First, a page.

Mk2 Astra (Also Opel Kadett E) – 1984-1991
Voted European Car of the Year for 1985, thanks to its modern aerodynamic styling and wide range of engines, the second generation Vauxhall Astra was sold in the rest of Europe as the Opel Kadett.
The Astra Mk 2 was essentially a redesign of the Mk1, utilising the same range of engines and running gear, but with a completely restyled more modem body shape. The range comprised of estate, hatchback, saloon and cabriolet versions (built by Bertone). The 3-box saloon was called the Belmont in the UK, and Opel Monza in South Africa).
Available engines ranged from the old but economical 1.2 OHV, 1.3 and 1.6 8v OHC units, all the way up to the range topping 1.8 8v GTE - and soon afterwards the classic 2.0 GTE, 8v and 16v, versions were introduced. Later in the run the 1.3 was replaced by a 14 8v
Early GTE’s featured an electronic dash with digital speedometer, however this was received as a bit gimmicky, and traditional analogue instrumentation returned in later models.
The 2.0 16v twin-camshaft engine developed 156 hp in standard form, giving excellent performance in its day. The 16v GTE was successfully used in both rallying and touring cars, and won the BTCC championship in 1989 with John Cleland in the driving seat.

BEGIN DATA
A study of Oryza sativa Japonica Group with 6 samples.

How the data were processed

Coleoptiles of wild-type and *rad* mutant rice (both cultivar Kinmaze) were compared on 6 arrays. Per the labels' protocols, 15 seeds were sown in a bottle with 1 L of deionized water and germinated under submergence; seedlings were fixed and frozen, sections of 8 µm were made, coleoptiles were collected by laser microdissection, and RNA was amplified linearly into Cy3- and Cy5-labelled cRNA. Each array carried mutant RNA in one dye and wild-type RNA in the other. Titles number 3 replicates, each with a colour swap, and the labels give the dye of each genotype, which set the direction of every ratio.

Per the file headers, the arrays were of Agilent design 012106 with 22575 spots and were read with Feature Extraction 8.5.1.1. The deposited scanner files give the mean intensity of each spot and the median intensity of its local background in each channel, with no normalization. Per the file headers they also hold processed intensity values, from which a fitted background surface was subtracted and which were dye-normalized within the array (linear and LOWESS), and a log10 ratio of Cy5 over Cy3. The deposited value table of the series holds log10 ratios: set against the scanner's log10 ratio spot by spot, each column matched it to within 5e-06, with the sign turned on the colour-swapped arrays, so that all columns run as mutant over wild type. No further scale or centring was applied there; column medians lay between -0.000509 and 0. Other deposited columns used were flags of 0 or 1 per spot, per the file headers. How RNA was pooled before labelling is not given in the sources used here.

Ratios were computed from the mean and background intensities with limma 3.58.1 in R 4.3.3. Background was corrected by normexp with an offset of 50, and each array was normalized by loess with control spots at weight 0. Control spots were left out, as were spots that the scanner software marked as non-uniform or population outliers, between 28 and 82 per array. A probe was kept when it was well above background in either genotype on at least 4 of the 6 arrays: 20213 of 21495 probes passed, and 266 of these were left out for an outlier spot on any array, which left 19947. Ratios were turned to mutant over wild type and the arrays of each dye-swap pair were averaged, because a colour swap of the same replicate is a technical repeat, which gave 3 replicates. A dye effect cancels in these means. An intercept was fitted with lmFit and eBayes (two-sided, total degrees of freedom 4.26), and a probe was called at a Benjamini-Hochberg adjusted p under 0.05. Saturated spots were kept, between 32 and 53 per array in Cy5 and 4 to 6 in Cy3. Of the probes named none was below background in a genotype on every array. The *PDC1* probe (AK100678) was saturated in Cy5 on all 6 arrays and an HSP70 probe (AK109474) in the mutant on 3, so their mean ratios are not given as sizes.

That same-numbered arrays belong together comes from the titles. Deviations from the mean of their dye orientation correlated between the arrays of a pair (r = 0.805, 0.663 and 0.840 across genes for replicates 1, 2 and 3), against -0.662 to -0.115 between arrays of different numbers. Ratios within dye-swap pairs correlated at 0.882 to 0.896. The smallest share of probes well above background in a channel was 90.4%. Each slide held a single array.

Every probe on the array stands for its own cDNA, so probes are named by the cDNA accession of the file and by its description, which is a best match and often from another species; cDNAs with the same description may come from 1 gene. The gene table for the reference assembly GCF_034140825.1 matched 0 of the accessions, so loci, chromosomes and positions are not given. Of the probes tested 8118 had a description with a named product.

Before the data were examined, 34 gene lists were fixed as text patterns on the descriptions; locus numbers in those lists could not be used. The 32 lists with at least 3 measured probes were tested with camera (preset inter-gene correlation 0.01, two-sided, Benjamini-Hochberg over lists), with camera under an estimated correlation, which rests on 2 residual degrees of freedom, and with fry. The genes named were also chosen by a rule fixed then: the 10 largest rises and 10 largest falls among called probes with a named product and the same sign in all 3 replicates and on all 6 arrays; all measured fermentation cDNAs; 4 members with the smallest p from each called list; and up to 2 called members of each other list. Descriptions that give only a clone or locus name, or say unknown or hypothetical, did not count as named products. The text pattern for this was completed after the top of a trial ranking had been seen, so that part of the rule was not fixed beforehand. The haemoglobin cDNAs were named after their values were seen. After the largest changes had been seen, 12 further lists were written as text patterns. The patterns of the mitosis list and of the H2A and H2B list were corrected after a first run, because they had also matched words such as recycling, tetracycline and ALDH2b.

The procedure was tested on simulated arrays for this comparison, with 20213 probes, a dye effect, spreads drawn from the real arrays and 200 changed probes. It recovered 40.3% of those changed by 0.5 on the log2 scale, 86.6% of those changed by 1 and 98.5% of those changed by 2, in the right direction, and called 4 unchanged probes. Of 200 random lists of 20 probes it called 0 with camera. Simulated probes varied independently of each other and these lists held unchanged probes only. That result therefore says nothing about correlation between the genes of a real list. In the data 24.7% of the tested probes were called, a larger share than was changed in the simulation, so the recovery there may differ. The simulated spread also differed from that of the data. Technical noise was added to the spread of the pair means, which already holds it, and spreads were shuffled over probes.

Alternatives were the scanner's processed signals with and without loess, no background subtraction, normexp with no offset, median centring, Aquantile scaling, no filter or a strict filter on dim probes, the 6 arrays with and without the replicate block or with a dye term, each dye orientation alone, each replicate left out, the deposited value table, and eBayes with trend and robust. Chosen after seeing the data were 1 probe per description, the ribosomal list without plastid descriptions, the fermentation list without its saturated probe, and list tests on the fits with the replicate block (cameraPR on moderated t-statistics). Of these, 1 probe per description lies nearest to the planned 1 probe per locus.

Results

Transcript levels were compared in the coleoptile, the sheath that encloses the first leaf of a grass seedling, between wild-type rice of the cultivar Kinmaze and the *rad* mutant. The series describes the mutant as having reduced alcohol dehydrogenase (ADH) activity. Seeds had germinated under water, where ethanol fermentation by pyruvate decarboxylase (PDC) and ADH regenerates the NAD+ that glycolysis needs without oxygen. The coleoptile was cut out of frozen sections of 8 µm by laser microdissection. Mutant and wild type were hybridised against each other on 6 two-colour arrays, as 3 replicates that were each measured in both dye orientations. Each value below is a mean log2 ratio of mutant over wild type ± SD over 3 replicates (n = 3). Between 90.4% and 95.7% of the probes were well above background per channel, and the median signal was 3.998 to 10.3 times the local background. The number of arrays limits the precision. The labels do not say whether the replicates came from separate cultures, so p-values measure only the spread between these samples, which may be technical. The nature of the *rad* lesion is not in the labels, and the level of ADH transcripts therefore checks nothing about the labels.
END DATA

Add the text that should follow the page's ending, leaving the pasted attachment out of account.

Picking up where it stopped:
The Mk2 was also sold in Brazil as Chevrolet Kadett, however three-door estate was called the Chevrolet Ipanema.
The second generation Astra was discontinued on the launch of MK3 in 1991, but the basic car continued for another six years as the Korean-built Daewoo Nexia.
During (and after) its UK lifetime the Mk2 formed the basis of several other cars namely the…
- Daewoo Nexia - also called the Cielo, Racer, Le Mans and Heaven –depending on country
- Asüna SE & GT in Canada
- Passport Optima in Canada
- Pontiac LeMans in New Zealand, Canada and USA
The Nexia is still being produced in Uzbekistan by UzDaewoo – making The Mk2 the longest produced Astra by far, having been made in one form or another for over 25 years.